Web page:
The man, whose identity has not been disclosed, was confronted by FBI agents as they attempted to enter a residence in Provo, as reported by KSL, the NBC affiliate station in Salt Lake City.

This comes after the Secret Service was alerted to the threats in June, with the investigation having commenced in April 2023.

After a thorough investigation, the threats made by the individual were deemed credible, suggesting intentions of physical harm against the President.

An FBI spokesperson shared details with KSL about the incident, stating, “The incident began when special agents attempted to serve arrest and search warrants at a residence.”

The spokesperson further emphasized the gravity with which the FBI views any shooting incidents involving their agents or task force members, saying, “The subject is deceased. The FBI takes all shooting incidents involving our agents or task force members seriously.”

The circumstances around the shooting are likely to be closely scrutinized, and further information is expected as investigations progress.

Sailing into History: US President Biden Nominates Admiral Lisa Franchetti as First Female Navy Chief

Breaking yet another glass ceiling in the U.S. military, President Joe Biden nominated Admiral Lisa Franchetti as the Navy’s top officer.

This position would make her the first woman to lead the Navy and the first to sit on the Joint Chiefs of Staff.

Admiral Franchetti, who was commissioned in 1985, has built an impressive career, including stints as commander of U.S. Naval Forces Korea, Deputy Chief of Naval Operations for Warfighting Development, and director for Strategy, Plans, and Policy of the Joint Staff, according to her official biography.

She has commanded two carrier strike groups and ascended to Vice Chief of Naval Operations (CNO) in September 2022.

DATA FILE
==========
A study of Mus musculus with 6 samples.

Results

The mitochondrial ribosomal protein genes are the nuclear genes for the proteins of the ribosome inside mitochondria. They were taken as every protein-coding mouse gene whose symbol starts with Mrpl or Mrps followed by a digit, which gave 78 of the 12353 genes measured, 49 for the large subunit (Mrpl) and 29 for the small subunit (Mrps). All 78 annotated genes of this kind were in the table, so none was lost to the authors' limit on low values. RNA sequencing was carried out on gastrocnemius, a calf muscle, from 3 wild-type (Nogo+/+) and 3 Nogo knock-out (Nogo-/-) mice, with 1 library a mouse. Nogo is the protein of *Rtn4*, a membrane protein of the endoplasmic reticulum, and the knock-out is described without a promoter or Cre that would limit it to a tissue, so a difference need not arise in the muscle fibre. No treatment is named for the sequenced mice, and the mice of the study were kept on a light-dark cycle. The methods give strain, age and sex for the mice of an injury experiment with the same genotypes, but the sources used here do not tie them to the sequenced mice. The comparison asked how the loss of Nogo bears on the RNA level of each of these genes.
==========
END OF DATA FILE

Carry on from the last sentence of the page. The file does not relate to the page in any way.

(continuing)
In his Friday, July 21, 2023, announcement, President Biden extolled Franchetti’s nearly four-decade-long dedication to the nation.

“Throughout her career, Admiral Franchetti has demonstrated extensive expertise in operational and policy arenas. She is the second woman ever to be a four-star admiral in the United States Navy. When confirmed, she will again make history as the first woman to serve as the Chief of Naval Operations and on the Joint Chiefs of Staff,” the president said.

In a series of military appointments, Biden also announced the nominations of Vice Adm.

James Kilby will be the next Vice CNO, Adm. Samuel Paparo to lead U.S. forces in the Pacific, and Vice Adm. Stephen “Web” Koehler will command the U.S. Pacific Fleet.

Defense Secretary Lloyd Austin commended the nominations, stating that the selected admirals will “ensure that our U.S. Navy and the joint force in the Indo-Pacific remain the finest military force that the world has ever known… and uphold the rules-based international order.”

However, Admiral Franchetti’s confirmation may not be swift due to ongoing holds on senior military nominations by Republican Sen. Tommy Tuberville in protest of Pentagon reproductive health policies.

Other high-ranking officers currently stalled by Tuberville’s blockade include the nominees for chairman of the Joint Chiefs of Staff, Army chief of staff, and commandant of the Marine Corps.

Franchetti’s nomination marks another historic milestone for the Biden administration’s Defense Department despite the political hurdles, which has already seen the first Black Secretary of Defense and the first female Army Secretary.

The pending confirmation of Air Force Gen. C.Q. Brown would result in the Pentagon’s two most senior leaders being Black men for the first time.

President Biden used his Friday announcement to address Tuberville’s obstruction, calling it “not only wrong — it is dangerous.”

He urged the Senate to expedite the confirmation of all outstanding military nominees.